Tips To Help You Capture Excellent Long Exposure Fog Photos
In the information-heavy 15-minute video, Shainblum breaks down his process for creating long-exposure fog photographs that give viewers insight into everything he does to create his finished images, from the camera, lens, and filters used to the techniques he uses to scout his locations and compose the shots.
Scouting the Location
To scout his locations, Shainblum often uses Google Earth to find more unique and intriguing perspectives to capture his shots. Once he finds an interesting location to shoot from, he then researches how to safely get to those locations. Since he often has to venture to the tops of hills and mountains, he also looks into all the logistics involved in that trek including visiting the Alltrails site to see if there are any pre-determined and easier or recommended paths.
While he does sometimes use weather apps and webcams to predict views, Shainblum says prefers the method of venturing out when he sees the weather he is interested in capturing.
“Most of the time I look outside, if it’s foggy, I pack my bag and just go,” he says. “These are the moments when I have gotten the best conditions or the most interesting shots. At the very worst, you do not get incredible fog and you still get a nice outing in nature. It ends up being a win either way.”
What Gear To Bring
If the plan is to capture a long exposure, there are a few very important (and critical) things to include with the kit. The most important of these include good filters (ND, VND, CPL) and a sturdy tripod. Shainblum typically will bring a combination of a 6-stop ND to 10-stop ND filters for daylight and early evening/dawn images to help reduce the amount of light entering the sensor, allowing for a much longer shutter speed creating a smooth long exposure effect. As for the tripods, if long-exposure images are the goal, stability is the most important feature. With this in mind, it’s best to not go cheap on the tripod to ensure that not only is the camera stable on it in any weather condition, but it also can keep the camera safe while attached.
While it is always handy to have a wide angle on hand, Shainblum tends to pick compositions that are out in the distance so he often chooses a 100-400mm telephoto lens to allow for a lot of flexibility in framing the subject matter. Since stability is key for long exposures, he also recommends getting a shutter-release cable (or app) to reduce any chance of camera shake from touching the system. If you forget it at home, or simply don’t have one, it is also possible to set a short timer for each shot to help eliminate any vibration in the frame.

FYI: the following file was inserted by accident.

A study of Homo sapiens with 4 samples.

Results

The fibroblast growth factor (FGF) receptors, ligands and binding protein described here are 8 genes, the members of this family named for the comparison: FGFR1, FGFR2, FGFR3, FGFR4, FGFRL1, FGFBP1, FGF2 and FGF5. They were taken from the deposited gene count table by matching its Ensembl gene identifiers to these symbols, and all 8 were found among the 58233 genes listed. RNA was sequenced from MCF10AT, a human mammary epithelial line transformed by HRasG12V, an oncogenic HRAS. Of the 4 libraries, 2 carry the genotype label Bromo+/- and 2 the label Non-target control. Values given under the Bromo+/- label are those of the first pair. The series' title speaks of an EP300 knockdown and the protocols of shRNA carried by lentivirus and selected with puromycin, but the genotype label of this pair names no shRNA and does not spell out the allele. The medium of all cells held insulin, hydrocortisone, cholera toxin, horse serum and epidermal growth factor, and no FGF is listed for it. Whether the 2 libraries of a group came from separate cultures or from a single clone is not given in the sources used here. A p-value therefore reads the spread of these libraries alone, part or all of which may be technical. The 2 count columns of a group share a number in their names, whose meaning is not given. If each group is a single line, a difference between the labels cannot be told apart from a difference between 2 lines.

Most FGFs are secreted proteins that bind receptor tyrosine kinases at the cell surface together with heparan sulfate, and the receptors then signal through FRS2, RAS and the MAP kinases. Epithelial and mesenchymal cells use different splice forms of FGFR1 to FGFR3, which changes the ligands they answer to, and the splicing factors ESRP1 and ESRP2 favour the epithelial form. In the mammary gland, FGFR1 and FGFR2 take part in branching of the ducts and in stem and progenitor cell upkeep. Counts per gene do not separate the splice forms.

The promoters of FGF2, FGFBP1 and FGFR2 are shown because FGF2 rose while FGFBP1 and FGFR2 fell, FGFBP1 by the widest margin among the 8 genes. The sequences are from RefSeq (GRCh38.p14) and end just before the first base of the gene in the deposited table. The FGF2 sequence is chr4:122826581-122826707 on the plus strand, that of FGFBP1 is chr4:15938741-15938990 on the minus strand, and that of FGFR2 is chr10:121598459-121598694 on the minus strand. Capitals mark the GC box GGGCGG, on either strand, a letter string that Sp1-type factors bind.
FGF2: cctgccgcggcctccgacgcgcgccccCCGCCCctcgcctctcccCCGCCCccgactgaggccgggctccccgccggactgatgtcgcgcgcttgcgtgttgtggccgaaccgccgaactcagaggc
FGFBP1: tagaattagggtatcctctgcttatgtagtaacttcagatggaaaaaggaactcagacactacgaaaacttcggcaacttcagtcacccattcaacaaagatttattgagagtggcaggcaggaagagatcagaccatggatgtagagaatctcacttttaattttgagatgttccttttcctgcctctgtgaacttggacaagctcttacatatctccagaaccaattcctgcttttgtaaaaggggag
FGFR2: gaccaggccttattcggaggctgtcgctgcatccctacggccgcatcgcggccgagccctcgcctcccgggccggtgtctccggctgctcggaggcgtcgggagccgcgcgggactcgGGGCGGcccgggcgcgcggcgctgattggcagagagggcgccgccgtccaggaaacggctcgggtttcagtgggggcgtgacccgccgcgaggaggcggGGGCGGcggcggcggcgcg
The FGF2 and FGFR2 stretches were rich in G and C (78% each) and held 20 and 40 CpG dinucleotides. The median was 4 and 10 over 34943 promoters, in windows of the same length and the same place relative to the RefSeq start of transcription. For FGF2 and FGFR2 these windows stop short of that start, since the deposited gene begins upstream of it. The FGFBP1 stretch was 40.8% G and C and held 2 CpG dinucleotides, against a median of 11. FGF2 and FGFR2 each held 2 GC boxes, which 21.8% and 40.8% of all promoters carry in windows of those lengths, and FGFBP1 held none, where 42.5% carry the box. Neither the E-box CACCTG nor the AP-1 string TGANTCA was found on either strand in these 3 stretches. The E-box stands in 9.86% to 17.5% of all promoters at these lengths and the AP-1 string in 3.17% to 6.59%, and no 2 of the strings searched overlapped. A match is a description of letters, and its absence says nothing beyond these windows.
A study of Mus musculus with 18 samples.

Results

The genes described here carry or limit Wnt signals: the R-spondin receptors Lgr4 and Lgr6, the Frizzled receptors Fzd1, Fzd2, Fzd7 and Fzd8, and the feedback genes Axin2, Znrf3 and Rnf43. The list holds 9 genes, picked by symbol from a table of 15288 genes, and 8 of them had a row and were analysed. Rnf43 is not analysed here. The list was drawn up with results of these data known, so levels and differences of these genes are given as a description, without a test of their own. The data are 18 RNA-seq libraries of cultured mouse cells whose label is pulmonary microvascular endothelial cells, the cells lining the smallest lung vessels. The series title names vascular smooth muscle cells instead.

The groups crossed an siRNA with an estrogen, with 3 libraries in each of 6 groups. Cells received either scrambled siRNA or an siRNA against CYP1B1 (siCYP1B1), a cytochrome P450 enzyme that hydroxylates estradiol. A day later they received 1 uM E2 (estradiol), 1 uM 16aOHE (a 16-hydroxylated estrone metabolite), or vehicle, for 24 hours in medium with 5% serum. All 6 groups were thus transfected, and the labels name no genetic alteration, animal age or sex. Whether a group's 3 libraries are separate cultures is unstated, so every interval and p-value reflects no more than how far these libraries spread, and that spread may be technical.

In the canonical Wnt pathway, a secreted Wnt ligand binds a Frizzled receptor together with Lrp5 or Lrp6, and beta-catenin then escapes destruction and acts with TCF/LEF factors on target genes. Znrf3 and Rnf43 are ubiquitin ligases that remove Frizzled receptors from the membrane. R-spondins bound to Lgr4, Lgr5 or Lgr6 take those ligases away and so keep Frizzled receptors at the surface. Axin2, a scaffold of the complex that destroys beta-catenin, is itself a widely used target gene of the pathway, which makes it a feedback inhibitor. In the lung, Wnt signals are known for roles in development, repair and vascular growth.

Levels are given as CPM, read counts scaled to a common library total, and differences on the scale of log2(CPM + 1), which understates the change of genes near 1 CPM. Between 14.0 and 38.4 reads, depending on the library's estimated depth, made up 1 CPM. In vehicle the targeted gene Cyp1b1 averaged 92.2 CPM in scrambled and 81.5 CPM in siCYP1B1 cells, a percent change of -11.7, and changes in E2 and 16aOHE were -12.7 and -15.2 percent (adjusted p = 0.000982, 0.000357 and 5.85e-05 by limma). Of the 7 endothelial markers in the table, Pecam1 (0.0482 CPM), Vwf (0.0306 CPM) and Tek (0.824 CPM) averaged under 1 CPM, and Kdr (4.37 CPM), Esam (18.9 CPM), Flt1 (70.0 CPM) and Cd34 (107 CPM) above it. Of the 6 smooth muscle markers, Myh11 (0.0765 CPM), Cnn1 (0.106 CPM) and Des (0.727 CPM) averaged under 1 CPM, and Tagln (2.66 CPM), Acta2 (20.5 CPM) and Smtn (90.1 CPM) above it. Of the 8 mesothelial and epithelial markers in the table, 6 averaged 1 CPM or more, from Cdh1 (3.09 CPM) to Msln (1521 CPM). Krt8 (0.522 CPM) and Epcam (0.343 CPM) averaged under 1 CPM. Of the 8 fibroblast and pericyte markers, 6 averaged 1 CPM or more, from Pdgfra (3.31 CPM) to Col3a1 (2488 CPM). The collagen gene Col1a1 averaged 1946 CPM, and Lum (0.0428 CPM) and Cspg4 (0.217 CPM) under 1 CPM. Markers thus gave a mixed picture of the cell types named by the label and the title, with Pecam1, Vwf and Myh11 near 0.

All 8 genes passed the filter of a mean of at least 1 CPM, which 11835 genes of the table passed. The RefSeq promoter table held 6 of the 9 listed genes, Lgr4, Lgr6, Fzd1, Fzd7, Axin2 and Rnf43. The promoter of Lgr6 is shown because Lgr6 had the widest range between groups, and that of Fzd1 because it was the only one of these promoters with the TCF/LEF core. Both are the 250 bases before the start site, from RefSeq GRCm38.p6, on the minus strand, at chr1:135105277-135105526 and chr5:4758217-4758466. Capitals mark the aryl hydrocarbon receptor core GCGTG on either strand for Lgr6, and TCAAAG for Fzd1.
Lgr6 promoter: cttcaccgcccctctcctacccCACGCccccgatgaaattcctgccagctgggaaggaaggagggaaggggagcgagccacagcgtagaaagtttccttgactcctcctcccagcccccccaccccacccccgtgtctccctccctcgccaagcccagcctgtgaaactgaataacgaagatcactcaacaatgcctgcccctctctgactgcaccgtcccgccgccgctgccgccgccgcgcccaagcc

Long Exposure Camera Settings
Calling out a specific set of camera settings that work for long exposure photography isn’t really possible since so much is variable and constantly changing.
The few things that are consistent in long exposure photography come down to disabling autofocus (make sure to shoot in manual) and setting the focus to infinity. Since his photos typically focus on wide vistas at a distance, most of the shots will leverage this setting. If the lenses used have Vibration Reduction or stabilization of any kind, it is also best to disable this since, perhaps counterintuitive, it can create unwanted blur or shake in the images.
According to Shainblum, the most important setting to pay attention to when shooting fog is the shutter speed.
“Doing a 30-second or one-minute exposure can give you a super smooth eternal image and give the image more of a fantasy look. But sometimes that might not be what you are looking for,” he says.
In some of his examples, Shainblum reduces his shutter speed to a two-second exposure because, in his words, it completely changes the look and feel of the focus area. For him, the key is to have an idea of what sort of motion will make for the ideal image and to then experiment with the shutter speeds to get the look captured properly.
Since exposure times are increasing to provide a sense of motion, Shainblum typically uses a low ISO to assure the best quality image and will compensate exposure with aperture instead. How much he changes the aperture depends on the ambient light, the filters he is using, and the shutter speed he has set to achieve the desire look. The math can sometimes be a little confusing, but the exposure calculator in the PhotoPills app helps with this.
Once all these details are ironed out, the only thing left to do is experiment until the desired photo is created.
Image credits: Photos by Michael Shainblum.